Forward-looking: As consumers and hardware manufacturers adapt to PCIe 5.0, the connection standard’s regulatory body is preparing its two successors, PCIe 6.0 and 7.0. Neither was expected to reach end users anytime soon, and new roadblocks have delayed their implementation by a year.

The PCI Special Interest Group (PCI-SIG) recently provided an update on the development of future PCIe protocols. Progress remains steady with the release of the 0.5 draft specification for PCIe 7.0, but the compliance programs for both PCIe 6.0 and 7.0 have been delayed.

Final specifications for PCIe 6.0 were released in early 2022. The following year, the PCI-SIG released version 0.3 draft specifications for PCIe 7.0, along with a projected launch schedule for the compliance programs for 6.0 and 7.0 – the point where real-world products begin emerging for each standard.

Release roadmaps for PCIe standards from 2023 (top) and 2024 (bottom)

Hardware supporting PCIe 6.0 was initially set to enter enterprise markets in March of this year, with PCIe 7.0 following in 2027. However, a recent presentation covering the release of the version 0.5 specs for PCIe 7.0 has pushed the schedule back.

Now, a preliminary live compliance program for PCIe 6.0 is set to begin in the second quarter of 2024 (which ends this month), with a more advanced launch scheduled for 2025. The final specs for PCIe 7.0 are still planned for 2025, but the corresponding live compliance program has been delayed to 2028.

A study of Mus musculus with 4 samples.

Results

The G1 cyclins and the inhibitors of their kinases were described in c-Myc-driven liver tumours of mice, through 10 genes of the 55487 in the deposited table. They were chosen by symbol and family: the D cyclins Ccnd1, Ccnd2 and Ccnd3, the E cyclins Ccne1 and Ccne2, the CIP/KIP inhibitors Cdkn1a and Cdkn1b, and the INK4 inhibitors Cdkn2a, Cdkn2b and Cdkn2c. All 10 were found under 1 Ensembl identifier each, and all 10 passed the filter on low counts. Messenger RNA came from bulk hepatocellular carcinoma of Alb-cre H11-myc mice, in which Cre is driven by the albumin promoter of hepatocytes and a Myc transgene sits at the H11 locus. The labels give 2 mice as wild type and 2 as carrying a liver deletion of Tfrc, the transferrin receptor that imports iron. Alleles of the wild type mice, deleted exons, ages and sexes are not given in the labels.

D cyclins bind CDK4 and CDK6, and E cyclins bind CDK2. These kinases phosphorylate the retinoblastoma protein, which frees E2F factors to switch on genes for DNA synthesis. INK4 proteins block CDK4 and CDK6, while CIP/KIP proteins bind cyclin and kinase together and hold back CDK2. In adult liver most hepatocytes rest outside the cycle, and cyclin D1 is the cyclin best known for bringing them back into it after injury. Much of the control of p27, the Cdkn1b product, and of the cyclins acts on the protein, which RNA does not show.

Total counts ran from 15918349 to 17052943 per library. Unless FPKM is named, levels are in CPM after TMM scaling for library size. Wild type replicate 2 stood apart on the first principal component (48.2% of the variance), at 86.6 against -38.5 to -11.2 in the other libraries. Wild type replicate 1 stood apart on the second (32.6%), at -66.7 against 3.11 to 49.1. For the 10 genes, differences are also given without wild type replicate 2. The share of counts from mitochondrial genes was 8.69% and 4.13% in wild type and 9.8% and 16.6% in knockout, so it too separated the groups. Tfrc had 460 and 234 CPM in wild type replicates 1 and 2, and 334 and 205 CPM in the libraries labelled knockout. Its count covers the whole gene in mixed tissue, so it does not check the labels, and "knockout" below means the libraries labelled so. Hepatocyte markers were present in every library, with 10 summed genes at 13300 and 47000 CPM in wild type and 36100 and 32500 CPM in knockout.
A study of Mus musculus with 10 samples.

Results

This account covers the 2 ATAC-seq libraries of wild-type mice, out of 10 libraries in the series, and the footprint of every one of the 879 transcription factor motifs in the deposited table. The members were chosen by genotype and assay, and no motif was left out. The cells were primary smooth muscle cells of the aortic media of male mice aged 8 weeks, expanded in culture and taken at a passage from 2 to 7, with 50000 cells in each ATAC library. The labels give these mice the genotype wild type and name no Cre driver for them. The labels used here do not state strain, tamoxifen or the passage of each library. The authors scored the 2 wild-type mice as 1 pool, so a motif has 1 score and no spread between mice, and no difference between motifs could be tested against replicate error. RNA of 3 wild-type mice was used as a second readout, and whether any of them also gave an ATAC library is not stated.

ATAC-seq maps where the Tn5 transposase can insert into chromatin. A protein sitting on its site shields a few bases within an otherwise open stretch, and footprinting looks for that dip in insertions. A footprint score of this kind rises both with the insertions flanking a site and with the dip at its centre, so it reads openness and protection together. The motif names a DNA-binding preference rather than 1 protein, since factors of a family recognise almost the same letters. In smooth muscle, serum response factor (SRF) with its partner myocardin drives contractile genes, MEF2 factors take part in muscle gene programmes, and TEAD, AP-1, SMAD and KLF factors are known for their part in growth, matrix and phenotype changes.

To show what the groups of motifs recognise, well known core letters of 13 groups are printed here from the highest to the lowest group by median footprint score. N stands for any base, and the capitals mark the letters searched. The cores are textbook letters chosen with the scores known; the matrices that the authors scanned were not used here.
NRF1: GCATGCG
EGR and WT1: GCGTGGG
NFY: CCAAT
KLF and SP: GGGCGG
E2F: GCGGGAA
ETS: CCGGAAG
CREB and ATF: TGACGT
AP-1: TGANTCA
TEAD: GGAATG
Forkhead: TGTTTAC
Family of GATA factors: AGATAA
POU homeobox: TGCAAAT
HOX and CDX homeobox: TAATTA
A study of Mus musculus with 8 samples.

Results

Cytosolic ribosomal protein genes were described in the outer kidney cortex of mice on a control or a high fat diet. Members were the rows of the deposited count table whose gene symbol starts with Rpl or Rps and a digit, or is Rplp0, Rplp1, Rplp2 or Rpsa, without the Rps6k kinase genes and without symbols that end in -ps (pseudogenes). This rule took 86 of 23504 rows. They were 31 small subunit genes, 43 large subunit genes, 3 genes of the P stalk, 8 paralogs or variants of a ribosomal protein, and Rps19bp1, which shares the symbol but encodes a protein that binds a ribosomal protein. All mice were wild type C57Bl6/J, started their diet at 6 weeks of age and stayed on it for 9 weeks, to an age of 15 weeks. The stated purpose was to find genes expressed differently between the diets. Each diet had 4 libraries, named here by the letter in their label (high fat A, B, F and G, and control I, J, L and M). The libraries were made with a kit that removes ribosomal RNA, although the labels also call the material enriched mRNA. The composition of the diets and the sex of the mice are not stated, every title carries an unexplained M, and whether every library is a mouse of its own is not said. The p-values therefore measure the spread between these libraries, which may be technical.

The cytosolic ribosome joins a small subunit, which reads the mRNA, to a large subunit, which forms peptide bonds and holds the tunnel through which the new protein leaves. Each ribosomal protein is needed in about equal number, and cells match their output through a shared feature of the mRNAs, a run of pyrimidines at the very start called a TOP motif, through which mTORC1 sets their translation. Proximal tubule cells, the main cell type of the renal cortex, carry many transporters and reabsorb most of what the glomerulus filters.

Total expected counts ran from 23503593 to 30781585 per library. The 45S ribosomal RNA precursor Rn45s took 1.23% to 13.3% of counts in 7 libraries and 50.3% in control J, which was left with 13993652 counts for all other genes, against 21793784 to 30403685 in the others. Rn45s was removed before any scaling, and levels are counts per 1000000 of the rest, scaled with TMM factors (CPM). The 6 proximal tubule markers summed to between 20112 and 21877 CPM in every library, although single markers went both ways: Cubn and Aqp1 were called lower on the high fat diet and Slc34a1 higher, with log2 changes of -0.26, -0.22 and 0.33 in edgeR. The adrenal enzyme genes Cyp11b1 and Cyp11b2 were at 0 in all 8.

These launches are initially intended for data centers, followed by industrial, automotive, aerospace, and military applications, with consumer electronics further down the line. A delay in one step could push the entire roadmap back.

The new PCI-SIG presentation also included an update regarding the standard’s upgrade to optical connections. Last month, new CopperLink standards were introduced, aiming to give data center builders more cabling options. However, ever-faster PCIe standards are pushing the limits of current cabling technology, and the PCI-SIG is looking to optical connections as a successor.

Plans for optical PCIe standards now include an Engineering Change Request (ECR), which will enhance but not replace current electrical layers. The ECR is set to be finalized in December 2024, and optical standards will support PCIe 6.0 and 7.0.

Most consumer PCs currently use either PCIe 3.0 or 4.0-compliant parts. The most notable PCIe 5.0 products thus far have been SSDs capable of reading at a blistering 14 GB/s, thanks to the standard’s 128 GB/s bandwidth.

PCIe 6.0 is designed to double that to 256 GB/s, and PCIe 7.0 aims to double it again to 512 GB/s on x16 lanes. Other enhancements coming with the new standards include Pulse Amplitude Modulation with four levels (PAM4), Lightweight Forward Error Correction (FEC), Cyclic Redundancy Check (CRC), and Flow Control Units (Flits).